IOWA COUNTY (WKOW) — Construction starts this summer to build a 3,500 acre solar farm in Iowa County, powering homes across the state of Wisconsin.
If you live in Madison, some of your electricity will soon be powered by panels at farms near Cobb.
The state Public Service Commission approved two big projects on Thursday, including Badger Hollow Solar Farm.
That project, and another near Manitowoc, are expected to power 120,000 homes, according to the commission. The farms will quadruple the state’s solar capacity.
Development company Invenergy has been working with farmers in Iowa County to rent cropland for the panels.
Evelyn Mueller, whose family has been growing crops and raising cattle in Montfort since the 1950s, says her family has always tried to be environmentally conscious.
“It’s our duty, in my mind, to to be a good steward of any property we have,” she told 27 News. “To me, conservation is very important.”
The Muellers even installed solar panels in the 1970s to power their home, but now they’re looking to the future of the technology.
Mueller agreed to rent 40 of her 400 acres for the solar farm.
Her son Mike Mueller says property owners can make more with these deals than what they can get for traditional crops right now.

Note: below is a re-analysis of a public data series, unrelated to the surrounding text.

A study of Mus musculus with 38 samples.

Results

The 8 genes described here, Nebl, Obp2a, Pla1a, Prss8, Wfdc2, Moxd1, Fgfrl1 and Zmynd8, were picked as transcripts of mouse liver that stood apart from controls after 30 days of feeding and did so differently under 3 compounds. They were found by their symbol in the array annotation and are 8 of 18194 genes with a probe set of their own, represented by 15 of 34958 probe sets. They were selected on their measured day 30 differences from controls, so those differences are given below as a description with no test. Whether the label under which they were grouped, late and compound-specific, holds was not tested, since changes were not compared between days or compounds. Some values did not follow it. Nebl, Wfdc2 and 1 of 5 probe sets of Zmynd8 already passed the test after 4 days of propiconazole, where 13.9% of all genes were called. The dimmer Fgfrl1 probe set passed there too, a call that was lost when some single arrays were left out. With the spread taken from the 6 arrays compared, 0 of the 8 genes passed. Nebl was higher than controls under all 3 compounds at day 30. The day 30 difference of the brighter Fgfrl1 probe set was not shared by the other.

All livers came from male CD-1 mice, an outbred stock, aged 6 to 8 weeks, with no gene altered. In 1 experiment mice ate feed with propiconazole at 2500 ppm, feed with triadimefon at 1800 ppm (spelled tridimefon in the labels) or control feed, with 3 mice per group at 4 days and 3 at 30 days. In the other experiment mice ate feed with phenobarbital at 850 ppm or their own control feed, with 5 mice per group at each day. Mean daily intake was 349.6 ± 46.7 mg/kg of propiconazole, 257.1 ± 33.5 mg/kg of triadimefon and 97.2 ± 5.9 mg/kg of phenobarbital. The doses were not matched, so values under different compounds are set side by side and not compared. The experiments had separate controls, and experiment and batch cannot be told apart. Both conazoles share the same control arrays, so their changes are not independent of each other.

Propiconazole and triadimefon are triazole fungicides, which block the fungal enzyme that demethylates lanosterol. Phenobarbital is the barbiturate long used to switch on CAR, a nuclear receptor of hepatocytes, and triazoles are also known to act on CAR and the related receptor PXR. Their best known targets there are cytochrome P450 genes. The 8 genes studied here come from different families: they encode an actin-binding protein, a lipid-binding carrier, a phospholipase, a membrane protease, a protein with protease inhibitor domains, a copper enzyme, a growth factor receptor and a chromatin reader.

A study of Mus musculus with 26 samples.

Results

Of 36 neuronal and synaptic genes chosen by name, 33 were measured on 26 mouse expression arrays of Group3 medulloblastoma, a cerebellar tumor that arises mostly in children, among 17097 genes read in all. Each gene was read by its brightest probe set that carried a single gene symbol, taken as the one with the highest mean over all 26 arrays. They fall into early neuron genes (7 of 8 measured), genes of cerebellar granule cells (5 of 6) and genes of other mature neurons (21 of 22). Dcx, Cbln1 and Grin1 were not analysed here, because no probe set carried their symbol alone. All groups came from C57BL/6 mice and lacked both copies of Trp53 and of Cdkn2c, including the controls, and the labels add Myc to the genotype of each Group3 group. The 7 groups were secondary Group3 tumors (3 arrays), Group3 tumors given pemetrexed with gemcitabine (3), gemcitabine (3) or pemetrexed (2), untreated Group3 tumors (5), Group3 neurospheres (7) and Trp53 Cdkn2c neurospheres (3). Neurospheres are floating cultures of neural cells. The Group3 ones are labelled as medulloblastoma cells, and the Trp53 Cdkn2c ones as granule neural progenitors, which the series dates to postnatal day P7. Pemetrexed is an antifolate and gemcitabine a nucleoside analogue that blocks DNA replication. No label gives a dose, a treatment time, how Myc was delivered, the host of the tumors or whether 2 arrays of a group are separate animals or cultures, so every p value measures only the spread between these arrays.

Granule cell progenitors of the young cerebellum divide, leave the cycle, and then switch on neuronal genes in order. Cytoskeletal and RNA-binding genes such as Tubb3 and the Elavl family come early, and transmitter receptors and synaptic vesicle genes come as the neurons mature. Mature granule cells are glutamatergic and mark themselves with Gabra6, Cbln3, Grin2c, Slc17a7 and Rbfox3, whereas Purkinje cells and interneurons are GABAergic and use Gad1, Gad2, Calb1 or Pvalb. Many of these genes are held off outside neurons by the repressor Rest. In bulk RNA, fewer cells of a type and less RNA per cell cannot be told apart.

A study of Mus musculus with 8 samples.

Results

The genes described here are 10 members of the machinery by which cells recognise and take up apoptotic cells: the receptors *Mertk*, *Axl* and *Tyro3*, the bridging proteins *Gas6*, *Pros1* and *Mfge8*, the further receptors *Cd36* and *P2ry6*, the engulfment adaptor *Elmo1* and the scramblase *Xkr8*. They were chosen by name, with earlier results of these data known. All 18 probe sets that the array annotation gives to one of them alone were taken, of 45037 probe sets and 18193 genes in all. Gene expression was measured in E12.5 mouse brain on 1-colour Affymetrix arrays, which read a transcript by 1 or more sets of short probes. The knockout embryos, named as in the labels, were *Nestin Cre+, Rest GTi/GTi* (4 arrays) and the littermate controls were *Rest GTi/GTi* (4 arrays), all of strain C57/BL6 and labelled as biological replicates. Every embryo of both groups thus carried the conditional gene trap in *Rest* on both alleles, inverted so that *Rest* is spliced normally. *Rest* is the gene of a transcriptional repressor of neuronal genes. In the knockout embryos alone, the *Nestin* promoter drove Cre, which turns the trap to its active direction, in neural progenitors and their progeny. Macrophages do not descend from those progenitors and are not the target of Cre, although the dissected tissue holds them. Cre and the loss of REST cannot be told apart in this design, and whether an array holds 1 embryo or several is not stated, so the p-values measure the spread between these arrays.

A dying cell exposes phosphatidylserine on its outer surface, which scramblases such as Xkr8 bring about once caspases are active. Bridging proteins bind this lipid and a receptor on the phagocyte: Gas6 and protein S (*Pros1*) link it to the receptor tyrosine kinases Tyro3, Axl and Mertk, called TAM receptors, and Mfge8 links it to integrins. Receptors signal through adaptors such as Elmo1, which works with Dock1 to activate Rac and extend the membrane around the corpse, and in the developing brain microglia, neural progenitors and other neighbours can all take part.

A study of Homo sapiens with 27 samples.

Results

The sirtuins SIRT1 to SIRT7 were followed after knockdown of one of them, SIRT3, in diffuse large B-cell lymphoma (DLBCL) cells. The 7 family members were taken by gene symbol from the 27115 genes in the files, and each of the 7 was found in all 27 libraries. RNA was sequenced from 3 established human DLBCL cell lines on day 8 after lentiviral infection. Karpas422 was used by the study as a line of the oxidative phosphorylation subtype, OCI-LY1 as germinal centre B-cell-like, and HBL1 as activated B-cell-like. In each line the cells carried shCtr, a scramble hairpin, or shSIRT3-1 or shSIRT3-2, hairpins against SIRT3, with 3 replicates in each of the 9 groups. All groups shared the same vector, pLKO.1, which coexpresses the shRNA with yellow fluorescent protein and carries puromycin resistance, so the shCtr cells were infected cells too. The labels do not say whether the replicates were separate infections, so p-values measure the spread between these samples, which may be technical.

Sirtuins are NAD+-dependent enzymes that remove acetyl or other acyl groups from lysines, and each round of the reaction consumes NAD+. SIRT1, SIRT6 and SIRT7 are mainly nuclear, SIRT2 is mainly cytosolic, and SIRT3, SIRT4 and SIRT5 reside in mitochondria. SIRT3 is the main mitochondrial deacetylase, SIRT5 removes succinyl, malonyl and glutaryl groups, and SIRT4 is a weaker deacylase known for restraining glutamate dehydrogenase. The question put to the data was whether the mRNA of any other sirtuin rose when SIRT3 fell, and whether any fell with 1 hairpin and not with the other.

“What is being offered to the property owners for a lease payment from Invenergy is more than two times what those same property owners can receive for cash rent for crop production,” he said.
He says he and his son will lose those acres for growing crops, but he expects the deal could open up new avenues, like beekeeping or grazing sheep.
“They’re going to be planting what they call pollinators underneath those panels,” Mike Mueller said.
Madison, Gas & Electric customers will benefit from the solar energy, too.
MG&E and Wisconsin Public Service, in northern Wisconsin, will share the energy coming from the two solar projects to power communities across the state.
“It’s moving us forward on those goals towards deep decarbonization, reducing carbon emissions, more sustainable energy,” said Steve Schultz, corporate communications manager for MG&E.
MG&E customers will see their bills go up about one percent to cover the cost of the initial work on the projects, but Schultz says they can expect savings over the lifetime of the project. The company is spending $130 million on the two farms.
Schultz says it puts MG&E on the path to its goal of 30 percent renewable energy by the year 2030.
“You know where your energy is coming from. It’s such a great thing,” he said.
A spokesperson for Invenergy says every year the project will also contribute more than $3 million in landowner and tax payments, along with local spending and salaries for jobs created. More than $83 million will be invested in the community over the life of the project.
The land use agreements are for the next 25 years with the option of an extension.
Construction on Badger Hollow starts in July. Developers hope to have it operational by the end of 2020.